This is known as “Ekin-sU turning”, a phrase inspired by the “recoupling” of Love Island winners Davide and Ekin-Su.
More than half (51 percent) of respondents referenced “unresolved issues” to be a reason for wanting to return to an old flame.
And half simply realised the error of their ways, while 28 percent claimed to have “too much history” to let go entirely.
The research was commissioned by dating app Plenty of Fish, to take a deeper dive into the newest dating behaviours to launch its annual dating trend predictions.
It also revealed another top trend to be the “180-Dating” trend, whereby 63 percent have rebounded following a break-up – and ended up dating a younger, unexpected partner.
Relationship guru and script consultant on Netflix’s Sex Education, Alix Fox, said: “Despite dating having been around since the dawn of humanity, our dating habits are hugely impacted by current affairs, technological advances, and cultural trends, putting a whole new spin on age-old instincts.
“Whether it’s an economic recession, the latest TikTok trends, environmental concerns causing greener mindsets, or celebrity affairs making headlines, the ways we connect are ever-changing.
“One piece of advice to singles that’s consistently helpful is to be authentic and honest – with yourself as well as others – to allow for a more low-pressure dating experience.”
The study also found three-quarters of daters (74 percent) are “Bae Realing”, and saying “no” to photo editing and filters on dating apps spurred on by recent social media trends.
However, more than two-thirds (69 percent) admit to having used a photo filter on a picture when online dating in the past.
As many as 87 percent also admitted to having all the intention to go on dates, but not actually following through with meeting up – kicking off the “OnlyPlans” trend.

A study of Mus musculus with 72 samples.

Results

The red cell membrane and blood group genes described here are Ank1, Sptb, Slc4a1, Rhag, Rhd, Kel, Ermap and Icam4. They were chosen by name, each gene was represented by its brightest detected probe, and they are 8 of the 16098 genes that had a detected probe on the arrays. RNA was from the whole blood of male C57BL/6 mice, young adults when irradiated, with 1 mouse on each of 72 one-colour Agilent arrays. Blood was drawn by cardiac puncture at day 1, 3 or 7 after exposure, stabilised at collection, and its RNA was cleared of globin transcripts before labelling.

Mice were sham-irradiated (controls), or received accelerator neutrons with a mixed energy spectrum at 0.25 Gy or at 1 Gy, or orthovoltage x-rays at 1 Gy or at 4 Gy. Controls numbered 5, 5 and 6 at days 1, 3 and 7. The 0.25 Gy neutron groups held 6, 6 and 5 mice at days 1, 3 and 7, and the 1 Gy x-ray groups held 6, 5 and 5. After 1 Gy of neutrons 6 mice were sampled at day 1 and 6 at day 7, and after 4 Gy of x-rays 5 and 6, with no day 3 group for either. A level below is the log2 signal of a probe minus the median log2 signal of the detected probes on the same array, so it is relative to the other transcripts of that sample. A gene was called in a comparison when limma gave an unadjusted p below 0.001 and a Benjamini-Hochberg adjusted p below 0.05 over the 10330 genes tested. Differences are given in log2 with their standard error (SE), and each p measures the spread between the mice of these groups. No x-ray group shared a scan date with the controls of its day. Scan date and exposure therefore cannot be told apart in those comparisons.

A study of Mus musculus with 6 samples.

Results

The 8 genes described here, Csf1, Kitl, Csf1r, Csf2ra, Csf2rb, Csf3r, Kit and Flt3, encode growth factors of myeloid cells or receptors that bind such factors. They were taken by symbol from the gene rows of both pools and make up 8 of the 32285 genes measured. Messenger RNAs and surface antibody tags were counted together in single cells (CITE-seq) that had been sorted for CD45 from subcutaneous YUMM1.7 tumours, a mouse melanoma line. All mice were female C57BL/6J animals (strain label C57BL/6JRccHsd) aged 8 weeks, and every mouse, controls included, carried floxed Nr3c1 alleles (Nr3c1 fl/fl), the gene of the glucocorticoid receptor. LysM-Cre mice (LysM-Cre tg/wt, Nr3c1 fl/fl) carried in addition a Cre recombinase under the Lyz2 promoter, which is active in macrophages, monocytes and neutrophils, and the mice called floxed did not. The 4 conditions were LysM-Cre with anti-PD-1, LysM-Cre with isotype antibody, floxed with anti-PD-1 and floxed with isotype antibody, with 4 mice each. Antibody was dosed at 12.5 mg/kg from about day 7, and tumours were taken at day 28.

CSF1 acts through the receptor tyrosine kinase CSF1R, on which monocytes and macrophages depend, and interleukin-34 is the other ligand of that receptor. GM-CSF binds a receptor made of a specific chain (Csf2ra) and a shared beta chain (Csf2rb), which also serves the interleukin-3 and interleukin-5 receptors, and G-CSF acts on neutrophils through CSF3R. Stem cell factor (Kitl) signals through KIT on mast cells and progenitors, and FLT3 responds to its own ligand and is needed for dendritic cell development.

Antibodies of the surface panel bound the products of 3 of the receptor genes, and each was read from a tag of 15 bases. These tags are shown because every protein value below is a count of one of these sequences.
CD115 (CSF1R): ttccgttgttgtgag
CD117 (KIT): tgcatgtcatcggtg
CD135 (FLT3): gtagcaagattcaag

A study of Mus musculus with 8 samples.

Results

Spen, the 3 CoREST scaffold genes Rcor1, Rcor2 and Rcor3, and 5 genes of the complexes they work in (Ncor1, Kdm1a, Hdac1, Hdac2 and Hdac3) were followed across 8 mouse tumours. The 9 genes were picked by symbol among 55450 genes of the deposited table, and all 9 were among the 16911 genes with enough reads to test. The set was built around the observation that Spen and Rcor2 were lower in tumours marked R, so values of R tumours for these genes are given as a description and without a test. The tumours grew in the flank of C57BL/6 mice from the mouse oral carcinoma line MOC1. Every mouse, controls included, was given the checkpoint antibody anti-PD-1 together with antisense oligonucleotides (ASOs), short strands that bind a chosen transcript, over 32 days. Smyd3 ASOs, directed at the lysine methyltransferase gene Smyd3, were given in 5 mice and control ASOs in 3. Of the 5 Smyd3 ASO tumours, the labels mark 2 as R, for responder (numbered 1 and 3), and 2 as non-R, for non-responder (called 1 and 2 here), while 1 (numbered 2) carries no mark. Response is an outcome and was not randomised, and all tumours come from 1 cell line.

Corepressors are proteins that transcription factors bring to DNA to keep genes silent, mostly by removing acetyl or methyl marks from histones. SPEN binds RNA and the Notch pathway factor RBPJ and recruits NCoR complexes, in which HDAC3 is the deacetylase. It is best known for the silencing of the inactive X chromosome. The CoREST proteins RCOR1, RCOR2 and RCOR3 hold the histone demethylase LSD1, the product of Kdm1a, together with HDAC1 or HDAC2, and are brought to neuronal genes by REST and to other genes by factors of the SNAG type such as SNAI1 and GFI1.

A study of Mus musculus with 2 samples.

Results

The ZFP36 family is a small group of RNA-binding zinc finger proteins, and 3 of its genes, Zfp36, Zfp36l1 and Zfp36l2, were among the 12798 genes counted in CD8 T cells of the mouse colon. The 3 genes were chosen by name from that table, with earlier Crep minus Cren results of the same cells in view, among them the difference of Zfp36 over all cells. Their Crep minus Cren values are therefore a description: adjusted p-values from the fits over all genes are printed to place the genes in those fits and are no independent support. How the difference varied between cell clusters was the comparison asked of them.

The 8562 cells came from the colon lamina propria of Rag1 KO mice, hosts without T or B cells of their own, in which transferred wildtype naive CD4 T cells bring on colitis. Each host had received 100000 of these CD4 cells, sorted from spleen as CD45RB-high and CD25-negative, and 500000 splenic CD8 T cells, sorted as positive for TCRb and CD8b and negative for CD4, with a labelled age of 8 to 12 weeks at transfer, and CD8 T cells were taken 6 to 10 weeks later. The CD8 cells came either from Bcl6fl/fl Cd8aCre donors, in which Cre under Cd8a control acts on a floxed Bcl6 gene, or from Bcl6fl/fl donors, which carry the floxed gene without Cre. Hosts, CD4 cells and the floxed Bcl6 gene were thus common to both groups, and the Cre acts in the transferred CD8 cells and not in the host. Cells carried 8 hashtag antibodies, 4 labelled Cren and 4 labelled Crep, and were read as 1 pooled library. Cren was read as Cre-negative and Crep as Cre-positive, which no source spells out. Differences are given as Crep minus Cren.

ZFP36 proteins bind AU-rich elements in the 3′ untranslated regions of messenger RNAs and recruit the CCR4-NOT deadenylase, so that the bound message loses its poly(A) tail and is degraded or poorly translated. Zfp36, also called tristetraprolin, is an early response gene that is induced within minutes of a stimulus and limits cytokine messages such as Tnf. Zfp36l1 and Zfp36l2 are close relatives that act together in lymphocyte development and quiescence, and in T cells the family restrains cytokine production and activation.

The research also revealed the criteria singles have curated when looking for love, with 39 percent wanting someone who is family-orientated, while 28 percent look for someone with a sense of humour.
However, two in five (39 percent) are “Eco-Dumping”, saying they would only date someone with a keen interest in the environment – while physical appearance is a key attribute for just 23 percent.
And only seven percent care about their potential suitor’s profession.
The study, conducted via OnePoll, also found 23 percent reckon online and virtual dating will surpass in-person dating in the next 10 years.
And nearly half of singles (46 percent) are open to a virtual reality date before meeting someone in real life.
It also emerged 52 percent are being impacted by the rising cost of living, and opting for cheaper dates instead of spoiling a new love interest.
And three-quarters (73 percent) are avoiding or cancelling plans with a potential partner due to the cost of a date, resulting in the “Cost of Loving”.
Kate MacLean, resident dating expert at Plenty of Fish, said: “Our dating lives are impacted by the world around us, from the reality TV shows we watch to more serious environmental issues.
“We want dating to feel more natural, and that’s why it’s great to see the rise of people embracing their true, authentic selves with Bae Realing, or giving loved ones a second chance by Ekin-sU Turning.”
A full list of the dating trends can be found here.